The future looks bright for Lucy Tyrrell, who is looking to turn her painting ‘‘side hustle’’ into a career.
‘‘If it doesn’t work out, then it doesn’t work out, but at least I tried.’’
The 25-year-old, who lived in Kurow as a child and finished top of her art class at Oamaru’s St Kevin’s College, has discovered a new passion for painting with acrylic.
In a move to Blenheim five years ago to study viticulture and work in the wine industry, she moved away from painting as she tried to make her way in the ‘‘real world’’. However, photographs from hiking in the mountains of Marlborough and the Abel Tasman region provided inspiration for her current work, Miss Tyrrell said.
She was also inspired by the artwork of Tammie Hodgetts, which she spotted on Facebook page Chooice, which promoted New Zealand small businesses.
‘‘I saw her artwork on there and I really love it. She inspired me to start going into that really colourful kind of geometric, unrealistic landscape style.
‘‘Mine looks really different to hers . . . and it seems to be going pretty well,’’ Miss Tyrrell said.
She moved to Wanaka earlier this year to work at Cardrona cafe Apres during the ski season, but as her contract there came to an end she was presented the perfect opportunity to focus on her art.
‘‘It takes so much time to paint a single painting, so it would be nice to have some more time to be able to work on it.’’
Miss Tyrrell began sharing her work on Facebook about five weeks ago and had received an encouraging reaction. She was working on a few commissions, and getting some prints made before Christmas.
‘‘I’ve had like a really good response to it, and I feel really good doing it too.
‘‘When I was in high school, the paintings I would produce I wasn’t actually happy with. And for the first time, the paintings that I produce I’m actually proud to show people, and I’m proud in myself with what I’m producing as well, so it makes me feel like I’m doing something good and that I should carry it on,’’ she said.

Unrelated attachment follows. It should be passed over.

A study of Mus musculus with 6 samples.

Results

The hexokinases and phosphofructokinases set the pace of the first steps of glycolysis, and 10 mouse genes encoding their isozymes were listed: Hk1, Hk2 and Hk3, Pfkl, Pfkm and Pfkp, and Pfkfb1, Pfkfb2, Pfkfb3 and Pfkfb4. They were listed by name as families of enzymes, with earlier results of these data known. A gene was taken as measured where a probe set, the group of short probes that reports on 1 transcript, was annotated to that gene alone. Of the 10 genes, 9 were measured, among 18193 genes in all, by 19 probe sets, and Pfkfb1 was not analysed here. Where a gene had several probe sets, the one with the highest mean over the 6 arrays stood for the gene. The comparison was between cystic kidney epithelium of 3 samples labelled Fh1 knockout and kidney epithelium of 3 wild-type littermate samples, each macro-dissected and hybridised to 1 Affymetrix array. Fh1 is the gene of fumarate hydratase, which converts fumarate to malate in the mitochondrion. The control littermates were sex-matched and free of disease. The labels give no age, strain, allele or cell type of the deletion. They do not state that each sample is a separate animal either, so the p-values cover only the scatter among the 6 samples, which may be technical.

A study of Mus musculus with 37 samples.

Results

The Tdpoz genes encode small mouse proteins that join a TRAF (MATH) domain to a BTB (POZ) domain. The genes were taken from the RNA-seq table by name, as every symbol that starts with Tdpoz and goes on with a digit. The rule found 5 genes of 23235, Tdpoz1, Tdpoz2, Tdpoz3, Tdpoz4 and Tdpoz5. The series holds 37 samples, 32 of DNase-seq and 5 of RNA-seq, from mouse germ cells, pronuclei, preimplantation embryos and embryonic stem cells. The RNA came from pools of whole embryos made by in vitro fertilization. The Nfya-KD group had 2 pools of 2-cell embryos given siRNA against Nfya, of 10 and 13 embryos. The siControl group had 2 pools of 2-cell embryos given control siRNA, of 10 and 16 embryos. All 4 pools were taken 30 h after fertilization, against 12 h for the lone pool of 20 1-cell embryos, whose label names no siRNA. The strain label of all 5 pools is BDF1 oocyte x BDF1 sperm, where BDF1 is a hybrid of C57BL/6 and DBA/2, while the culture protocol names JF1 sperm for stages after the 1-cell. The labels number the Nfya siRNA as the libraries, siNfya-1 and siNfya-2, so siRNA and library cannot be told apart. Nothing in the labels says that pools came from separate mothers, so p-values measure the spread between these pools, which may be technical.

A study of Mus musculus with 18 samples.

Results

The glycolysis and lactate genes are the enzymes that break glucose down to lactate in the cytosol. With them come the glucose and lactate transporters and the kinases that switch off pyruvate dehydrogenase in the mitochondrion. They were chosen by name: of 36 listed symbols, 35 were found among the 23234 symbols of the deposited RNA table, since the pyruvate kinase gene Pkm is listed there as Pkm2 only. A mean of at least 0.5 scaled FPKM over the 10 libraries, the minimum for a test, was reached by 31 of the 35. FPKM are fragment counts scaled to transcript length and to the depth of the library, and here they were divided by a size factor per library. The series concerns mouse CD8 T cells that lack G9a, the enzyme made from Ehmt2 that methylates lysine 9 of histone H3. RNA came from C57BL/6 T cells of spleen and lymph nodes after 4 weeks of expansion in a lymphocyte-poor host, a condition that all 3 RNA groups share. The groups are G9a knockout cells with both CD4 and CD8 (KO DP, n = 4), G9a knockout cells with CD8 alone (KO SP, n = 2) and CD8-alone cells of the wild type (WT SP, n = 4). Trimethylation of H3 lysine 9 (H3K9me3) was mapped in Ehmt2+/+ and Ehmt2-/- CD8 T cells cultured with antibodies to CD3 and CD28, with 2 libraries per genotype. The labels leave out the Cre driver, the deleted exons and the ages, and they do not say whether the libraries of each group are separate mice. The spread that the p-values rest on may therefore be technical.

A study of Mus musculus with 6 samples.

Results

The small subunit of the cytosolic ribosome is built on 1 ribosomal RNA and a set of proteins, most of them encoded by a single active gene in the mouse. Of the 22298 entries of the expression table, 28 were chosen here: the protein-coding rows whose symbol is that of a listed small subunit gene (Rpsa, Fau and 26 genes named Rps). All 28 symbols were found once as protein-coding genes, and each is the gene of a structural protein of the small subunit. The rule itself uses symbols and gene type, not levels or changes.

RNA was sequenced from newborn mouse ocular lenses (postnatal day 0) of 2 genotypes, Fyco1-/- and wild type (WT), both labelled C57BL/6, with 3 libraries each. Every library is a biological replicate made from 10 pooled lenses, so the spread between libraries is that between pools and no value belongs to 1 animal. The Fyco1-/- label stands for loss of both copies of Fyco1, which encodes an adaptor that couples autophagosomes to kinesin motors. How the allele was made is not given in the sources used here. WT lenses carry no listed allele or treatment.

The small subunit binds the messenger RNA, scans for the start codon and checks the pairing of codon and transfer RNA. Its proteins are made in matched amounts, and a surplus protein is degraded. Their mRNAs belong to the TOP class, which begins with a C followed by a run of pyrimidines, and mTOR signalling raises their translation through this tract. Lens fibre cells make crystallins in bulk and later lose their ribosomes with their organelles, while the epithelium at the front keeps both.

Entering three works in her first exhibition at the Wanaka Labour Weekend Art Exhibition was less about sales, and more about exposure, she said.
‘‘My style is quite niche, quite specific, so hopefully my style will be remembered and people will see that in the future and go, ‘oh, I really like that’, and support me at some point . . .so it was nice to get that under my belt.’’
A dining room table in a flat she shares with four others was doubling as a work space at present, and every new painting she created became the favourite.
Miss Tyrrell’s dream would be to make enough money from art to support herself.
‘‘The end point is becoming a full-time artist and actually earning a full-time wage on this, but I’m just seeing what happens. I don’t have high expectations about it, but if I’m meant to be a full-time artist that’s the way it goes.’’
Prints of Miss Tyrrell’s artwork would be stocked at Art on Tyne in Oamaru, she said.